Diversity in the hardboiled genre

So, in working on Cassidy, I’ve been struggling with diversity. I originally conceptualized a diverse cast, including people of different sexualities, differently abled people, and people of color. Predictably, I fell into some tropes, primarily because I didn’t know they existed (but that's no excuse!). So I revised. And revised. And am revising again.

I’m discovering an unsettling stumbling block.

In the hardboiled genre, most notably in the literature of the 30s–50s, pretty much everyone is despicable. There are very few characters who haven’t done something awful that they’re trying to conceal from Johnny Law (or Jane Society). The only “innocents” are idealized as such, put on pedestals, and not given the opportunity to have any real contribution to the story, presumably because doing so would get their white shoes all dirty. Ironically, people of color and homosexuals are present, but their despicableness is their color or their sexuality—they are not innocents, in the mind of the authors of the day.

More recent works have done better, though still not always great. Perhaps that’s because the genre is about the filthy underbelly, where innocence has no place. I'm okay with that, really. I’d rather see innocents not represented than represented as powerless icons, but eh, I’m not an authority. There’s room for argument on both sides. Anyway, this is all beside the point.

I don’t want to cast any group of people in a negative light with my writing, and I’m doing my best not to. But when your cast is dirty cops, prostitutes, murderers, and rapists, I feel like you have to dance a merry jig to make sure that you're not slapping labels on people. Because I'm not going to stuff my cast of characters with extras just to make it clear that “not all «insert demographic here» are «insert negative role here»s.” I know much of that can be done by populating what extras are there with members of the demographics that are being negatively portrayed elsewhere. No reason the barista can't be of Chinese descent, right?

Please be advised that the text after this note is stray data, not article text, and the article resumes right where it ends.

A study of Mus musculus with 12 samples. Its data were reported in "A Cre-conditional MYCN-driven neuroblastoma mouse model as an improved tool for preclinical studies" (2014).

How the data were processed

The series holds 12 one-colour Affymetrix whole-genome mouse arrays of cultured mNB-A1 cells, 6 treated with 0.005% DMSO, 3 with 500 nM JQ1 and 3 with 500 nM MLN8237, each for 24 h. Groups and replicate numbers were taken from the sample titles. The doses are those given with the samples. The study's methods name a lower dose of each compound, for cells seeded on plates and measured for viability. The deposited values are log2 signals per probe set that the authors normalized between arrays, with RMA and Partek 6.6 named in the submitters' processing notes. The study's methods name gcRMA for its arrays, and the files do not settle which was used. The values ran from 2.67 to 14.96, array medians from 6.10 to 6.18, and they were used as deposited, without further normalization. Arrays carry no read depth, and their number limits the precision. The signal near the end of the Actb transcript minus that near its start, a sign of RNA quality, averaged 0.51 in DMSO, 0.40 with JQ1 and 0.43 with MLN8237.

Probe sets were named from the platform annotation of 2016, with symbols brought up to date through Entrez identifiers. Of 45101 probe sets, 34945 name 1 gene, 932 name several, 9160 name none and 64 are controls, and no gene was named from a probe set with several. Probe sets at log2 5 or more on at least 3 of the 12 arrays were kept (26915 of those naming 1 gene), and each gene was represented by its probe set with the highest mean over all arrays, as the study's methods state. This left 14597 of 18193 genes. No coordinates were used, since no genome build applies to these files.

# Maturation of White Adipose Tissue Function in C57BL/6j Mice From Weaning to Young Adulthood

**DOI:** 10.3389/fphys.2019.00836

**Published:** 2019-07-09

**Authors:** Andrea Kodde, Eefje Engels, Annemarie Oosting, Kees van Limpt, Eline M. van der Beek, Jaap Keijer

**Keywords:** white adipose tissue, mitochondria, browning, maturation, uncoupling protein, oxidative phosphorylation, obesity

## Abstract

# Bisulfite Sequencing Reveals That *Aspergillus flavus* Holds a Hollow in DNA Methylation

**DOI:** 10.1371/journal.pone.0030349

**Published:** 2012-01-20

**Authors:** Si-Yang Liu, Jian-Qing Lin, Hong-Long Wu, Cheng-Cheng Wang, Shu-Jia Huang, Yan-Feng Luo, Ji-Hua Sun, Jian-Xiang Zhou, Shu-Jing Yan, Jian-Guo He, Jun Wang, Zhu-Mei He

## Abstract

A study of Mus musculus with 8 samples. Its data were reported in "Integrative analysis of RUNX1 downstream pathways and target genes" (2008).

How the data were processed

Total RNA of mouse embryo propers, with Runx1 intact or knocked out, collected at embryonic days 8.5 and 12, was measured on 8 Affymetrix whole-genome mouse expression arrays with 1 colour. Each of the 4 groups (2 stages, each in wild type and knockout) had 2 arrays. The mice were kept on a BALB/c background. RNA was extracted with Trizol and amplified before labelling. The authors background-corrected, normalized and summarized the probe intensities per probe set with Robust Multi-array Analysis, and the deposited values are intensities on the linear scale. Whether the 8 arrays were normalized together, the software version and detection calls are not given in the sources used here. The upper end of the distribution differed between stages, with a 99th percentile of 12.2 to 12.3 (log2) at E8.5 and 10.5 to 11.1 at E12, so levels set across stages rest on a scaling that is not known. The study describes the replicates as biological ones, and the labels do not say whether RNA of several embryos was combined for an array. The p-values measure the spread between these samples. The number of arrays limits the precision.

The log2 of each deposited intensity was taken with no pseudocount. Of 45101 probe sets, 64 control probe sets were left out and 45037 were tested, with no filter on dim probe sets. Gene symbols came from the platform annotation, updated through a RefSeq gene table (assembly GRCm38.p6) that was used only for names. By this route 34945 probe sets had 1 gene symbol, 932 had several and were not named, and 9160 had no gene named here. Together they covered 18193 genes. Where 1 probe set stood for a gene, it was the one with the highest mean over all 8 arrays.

But it’s been very strange, and a bit uncomfortable. I’ve been having an urge to make all my villains and victims white, because I don’t want to negatively represent demographics to which I don't belong. But in the hardboiled genre, there are few other roles, so… to represent or not to represent?

Let me know what you think. Until next time, word nerds!

1 comment:

Becky Munyon said...

I think if all the characters are kinda seedy, no one is gonna be like, "hey, what's up with the token black character being a criminal." If you have a mixed cast, then no one should take offense. The only issue would be if all the whites are good guys and all the minorities are bad guys, which you aren't doing so there shouldn't be a problem. Also, giving the minority characters an obvious bad trait that goes beyond the fact that they are a minority, unlike the genre has done in the past. Don't make their negative trait the fact that they're black or disabled. Make it the fact that they're a sexist pig or whatever, who just happens to also be black.
I like what you're doing. You're taking an older, very white male dominated genre (at least from my understanding) and moving it into the 21 century.